Ethnic profiling of Somalis endangers this community
| May 3rd 2015 | 3 min read
Kenyans reacted angrily to the xenophobic attacks on African immigrants in South Africa last month, terming it barbaric and primitive, and condemned the black South Africans who savagely killed and maimed their brothers. Equally, governments reacted with shock, and faulted the Government’s slow response to perennial attacks.
In Kenya, some political leaders are stoking fire by ethnicising terrorism, a situation that may ultimately lead to xenophobic attacks, and the government seemingly tolerates it. A month after the Garissa attack, the Government is yet to give identity of the other three terrorists, all presumed to be non-Somali Kenyans.
In the Mandera massacres, the two masterminds of the attacks arraigned in court were non-Somali Kenyans. But some leaders have solely blamed the Somali community for the attacks in the country. This week, a Senator alleged that a disproportionate number of Somalis have been recruited in Parliament, posing imminent risk of terror attacks.
The Speaker allowed him to single out an ethnic community discriminately, contrary to the provisions of the National Cohesion and Integrity Act. The effect of that statement is to ethnically victimise the Somalis working in Parliament, placing their lives and reputation at risk.
But such prejudicial statements of hate and discrimination are not the preserve of MPs.
The Government too has often held the community collectively liable for the actions of its criminals. Operation Usalama Watch in Eastleigh last year led to thousands of Somalis being rounded up indiscriminately and quarantined in Kasarani.
Earlier, Somali businesses were accused of using proceeds from piracy to grab all real estate in Nairobi, distorting the market. The Government then ordered an audit of all Somali properties and assets in 2011. Long after piracy has ended and Somalis quit real estate business, the property market prices have more than trebled; wasn’t it xenophobia then? When census results were published in 2010, Government attempted to cancel the figures for North Eastern districts because Somalis looked too many!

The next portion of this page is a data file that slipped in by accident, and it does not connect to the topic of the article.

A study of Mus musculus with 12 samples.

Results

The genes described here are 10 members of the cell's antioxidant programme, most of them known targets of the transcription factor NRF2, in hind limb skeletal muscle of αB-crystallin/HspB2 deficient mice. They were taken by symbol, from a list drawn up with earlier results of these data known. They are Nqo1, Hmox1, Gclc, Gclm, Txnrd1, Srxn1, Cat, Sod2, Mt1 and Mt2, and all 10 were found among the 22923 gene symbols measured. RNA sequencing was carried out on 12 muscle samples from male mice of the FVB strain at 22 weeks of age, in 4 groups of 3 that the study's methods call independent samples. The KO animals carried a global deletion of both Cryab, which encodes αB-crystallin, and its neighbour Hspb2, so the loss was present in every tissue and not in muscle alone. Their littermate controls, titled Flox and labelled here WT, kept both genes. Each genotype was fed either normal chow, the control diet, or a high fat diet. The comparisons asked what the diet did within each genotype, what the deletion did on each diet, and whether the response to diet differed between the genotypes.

The Government suspended issue of ID cards collectively to the Somalis in most parts of North Eastern in the past two years ostensibly to limit its access to foreigners. In Nairobi, every Somali seeking a passport or its renewal goes through an extensive, discriminative vetting process that takes months, regardless of whether you are a government official or an ordinary citizen.
In the aftermath of the Garissa University College attack, the Government shut down all Somali money transfers indiscriminately. Kenya Revenue Authority officials too raided several key legitimate multinational Somali businesses as part of the official harassment.
Ultimately when facts will be submitted to the Senate, I am certain the proportion of Somalis employed in Parliament will be significantly lower than our entitlement based on population proportion. Last year, the Public Service Commission published the ethnic representation in public service.
Somalis had the highest deficit in proportion to their population, among all the 42 tribes in Kenya. It had 1,752 employees out of the 236,000 in public service. As the sixth largest tribe in Kenya, they ought to have had over 15,000 according to the report. But courtesy of the official discrimination and years of emergency rule in the region, Somalis lost out.
Somalis, being Cushites, are the earliest inhabitants in this country. They are not anybody’s guests and will go nowhere. Calling them terrorists will likely breed xenophobic attacks. Let’s stop it.